RESIDENTS are invited to share their views over the future of a popular beauty spot in Romsey.

A public meeting is set to be held at the Crosfield Hall on February 25 at 6pm to give residents the opportunity to have their say on the plans for two new bridges and spillways along The Causeway in Romsey.

As previously reported, concerns were raised over the impact the two bridges aimed at preventing flooding will have on the character of the private road which leads from Sadlers Mill to Middlebridge.


Environment bosses said they are working on a signposted footpath diversion to link Mainstone to Saddlers Mill and confirmed that residents of The Causeway will be able to access their properties via a temporary road.

But further details of the diversions and the scheme are set to be unveiled at next week’s meeting.

An artist impression of what the bridges could look like has also been released but more designs are expected to be available at the meeting on Monday.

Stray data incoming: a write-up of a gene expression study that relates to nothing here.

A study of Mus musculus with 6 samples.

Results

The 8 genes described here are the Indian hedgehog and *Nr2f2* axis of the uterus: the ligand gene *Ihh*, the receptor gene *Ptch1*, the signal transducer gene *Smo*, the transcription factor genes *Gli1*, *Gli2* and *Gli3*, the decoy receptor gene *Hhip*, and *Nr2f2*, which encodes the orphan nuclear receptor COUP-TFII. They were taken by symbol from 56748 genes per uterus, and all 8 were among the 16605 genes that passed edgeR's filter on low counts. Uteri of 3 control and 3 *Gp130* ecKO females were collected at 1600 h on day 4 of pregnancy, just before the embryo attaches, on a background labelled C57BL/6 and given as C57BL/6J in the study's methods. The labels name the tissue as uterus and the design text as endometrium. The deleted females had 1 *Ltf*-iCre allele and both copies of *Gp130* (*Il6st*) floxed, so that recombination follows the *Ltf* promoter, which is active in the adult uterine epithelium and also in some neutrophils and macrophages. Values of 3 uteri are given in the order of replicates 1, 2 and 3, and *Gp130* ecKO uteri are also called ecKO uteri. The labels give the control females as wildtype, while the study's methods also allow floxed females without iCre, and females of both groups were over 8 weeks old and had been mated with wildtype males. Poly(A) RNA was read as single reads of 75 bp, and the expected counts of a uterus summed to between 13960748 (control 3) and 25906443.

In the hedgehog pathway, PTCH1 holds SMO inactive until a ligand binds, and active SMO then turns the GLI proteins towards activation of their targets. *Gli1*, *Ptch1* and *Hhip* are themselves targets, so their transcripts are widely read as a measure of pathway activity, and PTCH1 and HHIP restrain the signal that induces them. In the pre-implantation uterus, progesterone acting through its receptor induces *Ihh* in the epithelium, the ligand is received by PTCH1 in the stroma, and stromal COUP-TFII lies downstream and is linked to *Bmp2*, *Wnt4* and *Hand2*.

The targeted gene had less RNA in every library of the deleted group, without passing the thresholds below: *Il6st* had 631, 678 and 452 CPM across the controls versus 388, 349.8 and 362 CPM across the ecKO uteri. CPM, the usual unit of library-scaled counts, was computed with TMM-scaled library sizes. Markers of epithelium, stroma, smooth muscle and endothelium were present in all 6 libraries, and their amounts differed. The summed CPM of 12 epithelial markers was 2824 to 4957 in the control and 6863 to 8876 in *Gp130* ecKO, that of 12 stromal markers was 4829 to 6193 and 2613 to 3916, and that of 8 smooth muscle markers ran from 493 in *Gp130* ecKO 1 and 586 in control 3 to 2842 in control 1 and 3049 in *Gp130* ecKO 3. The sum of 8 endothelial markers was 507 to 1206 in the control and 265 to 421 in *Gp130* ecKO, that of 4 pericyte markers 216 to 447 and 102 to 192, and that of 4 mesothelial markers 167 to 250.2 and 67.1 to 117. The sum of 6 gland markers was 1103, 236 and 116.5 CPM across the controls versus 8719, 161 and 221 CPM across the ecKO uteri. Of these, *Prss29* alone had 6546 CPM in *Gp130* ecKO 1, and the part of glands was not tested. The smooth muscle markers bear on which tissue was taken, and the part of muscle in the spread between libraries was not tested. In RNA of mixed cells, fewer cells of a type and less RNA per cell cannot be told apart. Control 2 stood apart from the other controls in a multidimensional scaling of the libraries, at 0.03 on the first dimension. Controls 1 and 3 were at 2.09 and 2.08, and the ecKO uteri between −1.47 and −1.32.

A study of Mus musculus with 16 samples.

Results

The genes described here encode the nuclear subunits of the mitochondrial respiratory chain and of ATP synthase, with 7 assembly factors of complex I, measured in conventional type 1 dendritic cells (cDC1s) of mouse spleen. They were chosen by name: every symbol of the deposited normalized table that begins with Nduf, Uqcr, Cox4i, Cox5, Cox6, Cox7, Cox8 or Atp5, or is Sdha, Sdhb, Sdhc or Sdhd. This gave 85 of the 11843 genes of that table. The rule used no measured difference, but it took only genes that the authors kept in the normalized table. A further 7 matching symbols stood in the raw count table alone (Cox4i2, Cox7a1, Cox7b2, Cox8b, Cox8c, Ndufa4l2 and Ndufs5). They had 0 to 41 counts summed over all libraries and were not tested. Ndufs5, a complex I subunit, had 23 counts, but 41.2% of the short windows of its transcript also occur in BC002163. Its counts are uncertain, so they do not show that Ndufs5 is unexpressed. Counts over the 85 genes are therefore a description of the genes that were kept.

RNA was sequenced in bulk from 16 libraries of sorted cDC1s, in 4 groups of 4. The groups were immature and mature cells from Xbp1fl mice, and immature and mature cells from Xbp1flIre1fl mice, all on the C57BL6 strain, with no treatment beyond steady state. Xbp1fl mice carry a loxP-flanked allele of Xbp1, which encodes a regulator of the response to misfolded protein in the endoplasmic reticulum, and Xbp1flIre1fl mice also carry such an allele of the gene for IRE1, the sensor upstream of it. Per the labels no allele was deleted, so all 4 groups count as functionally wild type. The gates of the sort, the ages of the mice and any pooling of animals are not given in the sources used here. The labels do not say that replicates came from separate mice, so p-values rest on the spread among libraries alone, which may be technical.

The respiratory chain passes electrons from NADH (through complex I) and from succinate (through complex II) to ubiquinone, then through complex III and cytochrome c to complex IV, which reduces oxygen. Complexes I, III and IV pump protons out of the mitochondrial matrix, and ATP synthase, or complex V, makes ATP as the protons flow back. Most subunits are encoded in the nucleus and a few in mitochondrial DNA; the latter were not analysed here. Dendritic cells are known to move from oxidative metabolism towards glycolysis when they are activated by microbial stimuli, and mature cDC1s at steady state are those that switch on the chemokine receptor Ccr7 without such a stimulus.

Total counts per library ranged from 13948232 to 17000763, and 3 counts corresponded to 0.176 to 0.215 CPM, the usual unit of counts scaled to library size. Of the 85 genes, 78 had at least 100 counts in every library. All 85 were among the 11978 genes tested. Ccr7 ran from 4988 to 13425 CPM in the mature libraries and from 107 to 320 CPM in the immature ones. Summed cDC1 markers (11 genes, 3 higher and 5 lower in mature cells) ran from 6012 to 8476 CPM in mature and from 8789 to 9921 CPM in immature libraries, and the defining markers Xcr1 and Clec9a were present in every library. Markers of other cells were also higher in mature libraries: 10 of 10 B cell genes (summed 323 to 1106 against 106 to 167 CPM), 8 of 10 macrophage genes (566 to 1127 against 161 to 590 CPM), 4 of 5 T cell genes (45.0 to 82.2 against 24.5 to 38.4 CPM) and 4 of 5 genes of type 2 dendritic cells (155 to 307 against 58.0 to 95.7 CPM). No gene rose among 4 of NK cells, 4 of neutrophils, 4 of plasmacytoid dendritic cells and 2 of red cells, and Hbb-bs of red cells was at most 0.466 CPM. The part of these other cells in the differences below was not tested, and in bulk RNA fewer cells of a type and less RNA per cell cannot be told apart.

According to the EA the bridges and spillways will start 7m south of the Goat Willow and extend 25m southwards from that point.

The spillways will allow water in the floodplain to re-enter the River Test in a controlled way, without causing erosion to The Causeway, the EA said.

At the public meeting residents will also have the chance to quiz EA representatives and meet the contractor.

David Martin, flood risk team leader for the EA, said: “It is an opportunity for everybody to meet the contractor and have outlined what the scheme is and what it is going to look like. People can still influence the visual nature of the final design, we do not want to impact visually.”

Once decided, the final design will be available at various locations across Romsey.


He added: “We want to encourage people to come and find out how Romsey will be better protected from flooding and ask any question they may have.”